Reading Women Challenge 2020

As you all know, I've been a big reader my whole life. But I got into this habit sometime during college where I'd get super engrossed in a type of book or genre and not read anything else. There was period in college when all I read was historical fiction and made myself so sick of it that I couldn't read those kinds of books again until a few years ago. Or when I rediscovered Young Adult as it was gaining popularity – particularly paranormal romance, dystopian, and fantasy – I wanted to get my hands on everything that reminded me of The Mortal Instruments, Twilight, The Hunger Games, Iron Fey and The Graceling. Eventually I made my way to contemporary, New Adult and romance. And that was basically the purview of my reading for a long period of time but it was still pretty varied. Then I'd say in the last five years or so, I've made a point to really diversify what I choose to read. Or at least, I try to! I'll pick the occasional book that isn't my usual cup of tea or I just try to be more open in general. Now, my reading is split about 50/50 between YA and Adult and covers a wide range of genres, plus poetry, trying my hand at classics again, and even the occasional nonfiction book (this is still pretty rare though!).  

Which brings me to this reading challenge! Their goal is to "encourage you to read widely (and fight the patriarchy, but that was probably a given)" and I couldn't resist giving it a try. It seemed like the ultimate way to challenge myself to read beyond my review books and what I tend to gravitate towards. I created a page for it so I can track my progress throughout the year but so far, I've completed 11 of the 26 prompts and I'm excited to keep going. 

As of today, here's where I'm at: 
  1. Book by an Author from the Caribbean or India - Clear Light of Day by Anita Desai 
  2. A Book Translated from an Asian Language - The Housekeeper and the Professor by Yoko Ogawa ✅
  3. A Book about the Environment - Visionary Women: How Rachel Carson, Jane Jacobs, Jane Goodall, and Alice Waters Changed Our World by Andrea Barnet
  4. A Picture Book Written/Illustrated by a BIPOC Author - Sulwe by Lupita Nyong’o
  5. A Winner of the Stella Prize or the Women’s Prize for Fiction - Nightingale Point by Luan Goldie 
  6. A Nonfiction Title by a Woman Historian - The Library Book by Susan Orlean
  7. A Book Featuring Afrofuturism or Africanfuturism - Kindred by Octavia E. Butler
  8. An Anthology by Multiple Authors - Toil & Trouble: 15 Tales of Women & Witchcraft by Tess Sharpe (editor)
  9. A Book Inspired by Folklore - A Thousand Ships by Natalie Haynes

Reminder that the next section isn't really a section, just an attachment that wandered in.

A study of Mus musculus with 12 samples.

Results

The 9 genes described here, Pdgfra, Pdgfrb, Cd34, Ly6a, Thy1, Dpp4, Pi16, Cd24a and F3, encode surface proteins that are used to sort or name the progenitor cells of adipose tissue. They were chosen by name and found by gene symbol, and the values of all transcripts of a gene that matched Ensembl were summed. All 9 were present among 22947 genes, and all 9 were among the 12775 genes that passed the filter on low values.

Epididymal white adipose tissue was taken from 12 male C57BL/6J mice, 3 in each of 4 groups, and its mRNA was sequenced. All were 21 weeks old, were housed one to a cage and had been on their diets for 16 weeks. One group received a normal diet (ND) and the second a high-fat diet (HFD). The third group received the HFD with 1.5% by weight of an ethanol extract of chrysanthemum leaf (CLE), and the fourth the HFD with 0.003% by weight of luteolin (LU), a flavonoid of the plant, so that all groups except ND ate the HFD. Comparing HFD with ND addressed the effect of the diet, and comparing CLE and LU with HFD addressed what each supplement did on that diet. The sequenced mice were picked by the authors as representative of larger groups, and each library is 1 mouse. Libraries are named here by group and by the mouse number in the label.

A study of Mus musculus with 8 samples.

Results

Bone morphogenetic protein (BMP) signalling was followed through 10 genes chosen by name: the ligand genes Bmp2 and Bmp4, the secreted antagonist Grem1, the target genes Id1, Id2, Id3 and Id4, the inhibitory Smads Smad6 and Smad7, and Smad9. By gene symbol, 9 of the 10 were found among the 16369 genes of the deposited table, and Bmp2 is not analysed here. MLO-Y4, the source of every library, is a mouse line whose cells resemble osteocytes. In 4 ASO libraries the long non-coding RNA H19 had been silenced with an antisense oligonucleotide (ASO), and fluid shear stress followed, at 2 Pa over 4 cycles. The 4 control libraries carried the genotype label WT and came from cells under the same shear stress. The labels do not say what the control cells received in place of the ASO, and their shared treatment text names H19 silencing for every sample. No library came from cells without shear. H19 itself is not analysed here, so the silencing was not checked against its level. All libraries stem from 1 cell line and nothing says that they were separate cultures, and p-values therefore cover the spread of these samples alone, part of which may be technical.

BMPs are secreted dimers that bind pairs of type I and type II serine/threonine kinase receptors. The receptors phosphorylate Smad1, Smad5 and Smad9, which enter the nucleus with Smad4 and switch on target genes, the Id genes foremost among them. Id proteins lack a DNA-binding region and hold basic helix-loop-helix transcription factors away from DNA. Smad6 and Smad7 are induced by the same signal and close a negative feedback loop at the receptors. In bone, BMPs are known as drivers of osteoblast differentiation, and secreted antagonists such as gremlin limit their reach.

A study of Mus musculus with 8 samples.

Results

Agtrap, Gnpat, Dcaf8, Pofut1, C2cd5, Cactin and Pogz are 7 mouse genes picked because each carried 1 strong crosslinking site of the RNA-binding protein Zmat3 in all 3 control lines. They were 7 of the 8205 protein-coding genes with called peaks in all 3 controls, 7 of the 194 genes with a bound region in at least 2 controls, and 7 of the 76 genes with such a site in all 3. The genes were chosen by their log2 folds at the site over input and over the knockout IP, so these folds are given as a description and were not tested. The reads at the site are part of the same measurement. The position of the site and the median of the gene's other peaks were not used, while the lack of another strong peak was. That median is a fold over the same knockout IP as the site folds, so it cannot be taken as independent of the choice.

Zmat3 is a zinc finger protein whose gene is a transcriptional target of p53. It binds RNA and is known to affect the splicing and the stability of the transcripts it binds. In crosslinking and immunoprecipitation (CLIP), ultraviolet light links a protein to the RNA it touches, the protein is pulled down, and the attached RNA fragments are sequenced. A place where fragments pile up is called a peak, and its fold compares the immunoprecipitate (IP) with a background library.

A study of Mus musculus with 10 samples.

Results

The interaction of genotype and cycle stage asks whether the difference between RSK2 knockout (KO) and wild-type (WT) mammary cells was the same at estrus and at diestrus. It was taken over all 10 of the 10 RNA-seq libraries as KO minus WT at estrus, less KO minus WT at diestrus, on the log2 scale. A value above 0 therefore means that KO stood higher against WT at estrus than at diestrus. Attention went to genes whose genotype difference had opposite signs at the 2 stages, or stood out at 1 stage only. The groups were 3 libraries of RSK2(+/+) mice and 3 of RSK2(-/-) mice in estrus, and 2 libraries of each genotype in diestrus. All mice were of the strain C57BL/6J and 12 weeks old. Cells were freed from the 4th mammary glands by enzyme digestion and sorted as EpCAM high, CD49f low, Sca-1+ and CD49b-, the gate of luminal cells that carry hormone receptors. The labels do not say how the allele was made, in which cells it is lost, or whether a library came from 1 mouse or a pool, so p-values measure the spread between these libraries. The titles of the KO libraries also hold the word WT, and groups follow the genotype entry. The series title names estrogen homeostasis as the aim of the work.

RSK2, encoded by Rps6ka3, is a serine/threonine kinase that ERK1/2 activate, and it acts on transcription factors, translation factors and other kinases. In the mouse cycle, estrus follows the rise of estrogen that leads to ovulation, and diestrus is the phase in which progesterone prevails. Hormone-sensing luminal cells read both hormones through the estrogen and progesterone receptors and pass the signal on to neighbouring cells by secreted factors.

10. A Book about a Woman Artist - Blood Water Paint by Joy McCullough
  11. Read and Watch a Book-to-Movie Adaptation - Beautiful Creatures by Kami Garcia & Margaret Stohl ✅
  12. A Book about a Woman Who Inspires You - And They Called It Camelot by Stephanie Marie Thornton ✅
  13. A Book by an Arab Woman - Written in the Stars by Aisha Saeed
  14. A Book Set in Japan or by a Japanese Author - The Housekeeper and the Professor by Yoko Ogawa ✅
  15. A Biography - Visionary Women: How Rachel Carson, Jane Jacobs, Jane Goodall, and Alice Waters Changed Our World by Andrea Barnet
  16. A Book Featuring a Woman with a Disability - Three Nights with a Scoundrel by Tessa Dare
  17. A Book Over 500 Pages - House of Earth and Blood (Crescent City #1) by Sarah J. Maas ✅
  18. A Book Under 100 Pages - Dear Ijeawele, or a Feminist Manifesto in Fifteen Suggestions by Chimamanda Ngozi Adichie  ✅
  19. A Book That’s Frequently Recommended to You - The Duke and I by Julia Quinn ✅
  20. A Feel-Good or Happy Book - Tweet Cute by Emma Lord ✅
  21. A Book about Food - Tweet Cute by Emma Lord ✅
  22. A Book by Either a Favorite or a New-to-You Publisher - House of Earth and Blood (Crescent City #1) by Sarah J. Maas ✅
  23. A Book by an LGBTQ+ Author - When the Moon Was Ours by Anna-Marie McLemore
  24. A Book from the 2019 Reading Women Award Shortlists or Honorable Mentions - This Time Will Be Different by Misa Sugiura
  25. Bonus: A Book by Toni Morrison - Sula
  26. Bonus: A Book by Isabel Allende - The House of the Spirits ✅ 

Are you doing any reading challenges this year?

1 comment

  1. It's always good to challenge ourselves when it comes to our reading! I'm very similar in that I get into very specific reading ruts and stay stuck there for ages. This challenge looks like it's really interesting and definitely a great way to diversify your reading!